James Beard Award-winning Cookbook Author

Ingredient Feature: The Miraculous Egg

The chicken egg is an amazing invention of nature.  It has an appealing ovoid shape and comes in all sorts of colors depending on the breed.

And aside from its original purpose as a self-contained chamber for the development and nourishment of an embryo, its place in cooking and baking is astonishing.

But before I get to that, take a good look at an egg.  Crack it open onto a plate.  Admire its white and yolk. Here’s a view looking down on the egg.

If the egg is fresh, came from a hen raised on organic feed that was allowed to hunt and peck for additional grubs, it’ll look proud. The white will stand high and the yolk will be a bright golden orange.

Made up mostly of fats and proteins, yolks embody richness and smoothness.  The whites–fat-free, gloppy, and viscous–hold the promise of cloud-like meringues and airy cakes. Here’s a side view showing the height of the yolk and thickness of the white.

Whole eggs are a great team player in baking. They get mixed into batters for all sorts of custards, cakes and quick breads. When you separate the whites from the yolks, more worlds of possibilities open up for you.  The whites make great foundations for a meringue dessert, a crisp cookie, divinity candy, angel food cake, a tender yet crunchy overnight meringue torte, or ethereal floating islands.

The yolks alone beaten into cake batters contribute extra moistness and tenderness.  When added to ice cream bases they add a special unctuousness, and when heated carefully on top of the stove with sugar and milk, they become transformed into sweet sauces for ice creams, cakes, fresh fruit, puddings, pies, and tortes.

So, how do the parts of an egg work baking magic?

Let’s start with egg whites, and see what happens when we beat them into a foam to make a meringue or angel food cake.  But before even that, we must make sure that the bowl the whites are beaten in is free of grease, because fat can ruin a foam just as surely as a nail deflates a tire.

Egg whites are essentially proteins dissolved in water.  In an unbeaten white the proteins are folded up and separated from one another within the watery matrix.  Beating causes air bubbles to become incorporated in the whites as the proteins unfold and connect with each other, entrapping the air within their framework.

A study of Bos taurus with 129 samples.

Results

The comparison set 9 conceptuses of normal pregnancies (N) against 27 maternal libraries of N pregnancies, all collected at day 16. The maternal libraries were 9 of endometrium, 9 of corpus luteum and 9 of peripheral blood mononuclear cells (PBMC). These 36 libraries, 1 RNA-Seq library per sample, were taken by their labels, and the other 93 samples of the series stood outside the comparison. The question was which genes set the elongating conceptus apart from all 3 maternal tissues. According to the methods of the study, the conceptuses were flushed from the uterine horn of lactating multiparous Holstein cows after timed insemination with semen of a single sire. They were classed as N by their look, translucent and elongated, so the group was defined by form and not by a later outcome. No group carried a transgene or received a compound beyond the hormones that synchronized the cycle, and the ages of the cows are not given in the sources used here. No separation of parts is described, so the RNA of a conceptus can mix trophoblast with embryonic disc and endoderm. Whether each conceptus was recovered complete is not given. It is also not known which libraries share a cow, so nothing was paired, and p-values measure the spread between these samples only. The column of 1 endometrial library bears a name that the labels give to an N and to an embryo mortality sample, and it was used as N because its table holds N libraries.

These unfolded proteins are said to be denatured—they’re no longer coiled up—and it is in this denatured state that they gradually form a delicate lattice network keeping the bubbles of air separate from the water around them.

Acid, usually in the form of the white powder “cream of tartar,” is added to an egg-white foam at this stage of beating to “stabilize” it, meaning that it strengthens the protein around the air bubbles.  What’s interesting is that only a small amount of this solid salt of tartaric acid is needed to do the job, around 1/16 teaspoon per white.

Salt, on the other hand, extends beating time and makes for a less stable foam.  But, when added to the flour (for flavor) and folded in at the end of beating, it has no negative effect on the foam.

As you continue beating, more and more proteins are denatured, the lattice network increase, and less light can pass through the whites.  The whites lose their transparency and turn white because they reflect the light reaching them.

Without getting too technical, uncooked foams, like those in mousses and chiffon pies, owe their lightness only to certain kinds of egg white proteins that are denatured and stable without heat.  In baking, though, another egg white protein, ovalbumin, which accounts for more than half of all albumen proteins, has the job of maintaining the air bubbles in the heat of the oven, whether in a meringue, soufflé, or angel cake.

The oven heat causes the air bubbles in a foam to expand.  If it weren’t for the ovalbumen, the bubbles would eventually pop and the cake or meringue or soufflé would collapse.  What makes ovalbumen special is that it coagulates readily when heated, resists collapse, and creates a solid foam from a liquid one.  Pretty neat I’d say.

Sugar is a mixed bag in its effect on egg whites.  If added too early during beating, it delays foaming and will reduce lightness and volume.  This is why recipes say to beat the whites until they hold a soft peak before adding sugar.  Sugar is beaten in gradually after this point to allow it sufficient time to dissolve in the foam.  It adds sweetness, makes the egg foam stable in the oven’s heat, and encourages browning.

Let me know if you’ve got any egg questions.

You’ll see how this all plays out in my next post when you make Chocolate and Pecan Meringue Smooches. And don’t be surprised if you get some real ones afterward!